They smartly call these two models aimed at consumers up to small businesses their Wireless-G IP Phones: The WIP300 and WIP330 have a similar feature set, but the WIP330 is clearly aimed at road warriors, while the WIP300 is more of a home or small office phone.
With a 2.2-inch color LCD, the WIP330 includes a Web browser, which allows the phone to authenticate at locations that have a splash page--even just one that requires you to agree to a set of conditions to connect. After reviewing the phone's manual, I see that it offers 802.1X with PEAP, which is used by iBahn and T-Mobile as an optional secure authentication method, as well as by smart IT departments that use Wi-Fi. There's also an easy way to store profiles for hotspots for quick reconnection.
This is the first VoWLAN phone that--if it performs as advertised--is worthwhile to buy for use hotspots and on company networks alike, as it will handle authentication. Now the alternative is something like a VoWLAN handset maker licensing Boingo or another company's platform to provide authentication behind the scenes. But that ties you to the network run by Boingo et al.; this phone allows connection arbitrary networks no matter what method they require for access. Update: Boingo wrote to note that their platform supports browsing for authentication, and includes a scripting language for adding authentication without delving into rewriting program code.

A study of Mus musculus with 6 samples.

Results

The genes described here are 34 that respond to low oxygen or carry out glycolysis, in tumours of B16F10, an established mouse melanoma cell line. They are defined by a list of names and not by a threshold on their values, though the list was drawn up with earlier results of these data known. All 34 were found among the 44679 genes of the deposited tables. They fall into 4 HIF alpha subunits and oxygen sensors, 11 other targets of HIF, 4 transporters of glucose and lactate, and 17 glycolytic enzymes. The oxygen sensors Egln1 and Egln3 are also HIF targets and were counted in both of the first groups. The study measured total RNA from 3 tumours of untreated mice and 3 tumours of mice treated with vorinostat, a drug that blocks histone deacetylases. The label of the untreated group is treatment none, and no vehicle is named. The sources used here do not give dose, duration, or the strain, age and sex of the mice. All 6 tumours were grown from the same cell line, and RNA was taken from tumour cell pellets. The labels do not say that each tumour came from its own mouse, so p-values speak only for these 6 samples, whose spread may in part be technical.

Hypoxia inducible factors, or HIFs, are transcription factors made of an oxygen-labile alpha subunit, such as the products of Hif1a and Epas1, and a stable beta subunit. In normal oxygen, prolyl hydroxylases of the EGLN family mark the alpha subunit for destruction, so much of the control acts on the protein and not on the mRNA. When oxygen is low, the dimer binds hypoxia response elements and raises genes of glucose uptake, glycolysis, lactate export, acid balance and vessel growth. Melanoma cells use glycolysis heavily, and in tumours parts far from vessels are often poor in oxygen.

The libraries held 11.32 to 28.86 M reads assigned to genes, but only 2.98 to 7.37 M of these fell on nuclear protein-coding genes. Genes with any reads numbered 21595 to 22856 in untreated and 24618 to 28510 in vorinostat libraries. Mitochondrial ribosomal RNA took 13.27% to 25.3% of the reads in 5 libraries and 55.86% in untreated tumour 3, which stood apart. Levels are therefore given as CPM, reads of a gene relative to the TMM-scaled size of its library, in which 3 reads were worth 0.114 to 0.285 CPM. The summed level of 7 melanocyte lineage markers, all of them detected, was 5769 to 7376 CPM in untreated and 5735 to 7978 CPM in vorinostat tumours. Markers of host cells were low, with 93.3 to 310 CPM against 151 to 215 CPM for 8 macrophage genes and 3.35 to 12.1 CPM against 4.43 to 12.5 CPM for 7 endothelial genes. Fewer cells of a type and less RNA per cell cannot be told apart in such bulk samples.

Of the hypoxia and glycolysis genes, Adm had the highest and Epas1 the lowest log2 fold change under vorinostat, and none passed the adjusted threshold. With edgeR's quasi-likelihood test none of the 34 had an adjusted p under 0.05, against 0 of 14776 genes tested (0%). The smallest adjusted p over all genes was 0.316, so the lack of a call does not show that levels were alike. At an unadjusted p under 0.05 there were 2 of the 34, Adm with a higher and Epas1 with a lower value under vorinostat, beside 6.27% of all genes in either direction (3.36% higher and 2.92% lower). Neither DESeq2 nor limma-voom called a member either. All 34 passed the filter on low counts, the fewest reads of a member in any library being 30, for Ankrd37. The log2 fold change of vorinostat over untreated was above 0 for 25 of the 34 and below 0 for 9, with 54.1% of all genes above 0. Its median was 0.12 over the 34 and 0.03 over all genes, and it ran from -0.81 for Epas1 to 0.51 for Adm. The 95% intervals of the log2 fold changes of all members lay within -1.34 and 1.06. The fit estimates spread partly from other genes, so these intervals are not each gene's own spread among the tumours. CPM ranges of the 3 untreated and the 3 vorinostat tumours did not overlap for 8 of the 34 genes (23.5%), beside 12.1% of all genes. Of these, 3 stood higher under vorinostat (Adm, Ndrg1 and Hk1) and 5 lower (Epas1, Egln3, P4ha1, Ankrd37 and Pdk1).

The WIP300 has an estimated street price of $220 and the WIP330, $370; they're available now. Woof! I don't know for whom a $370 IP phone is worth that cost, but I suspect certain frequent travelers would like it. I can imagine being in a several-dollar-per-hour hotspot in Switzerland or Singapore, and instead of paying $60 to $90 per hour for calls to the U.S., you're talking over your preferred VoIP+SIP provider at just that hourly rate. For other users, I expect prices will drop pretty spectacularly by next year.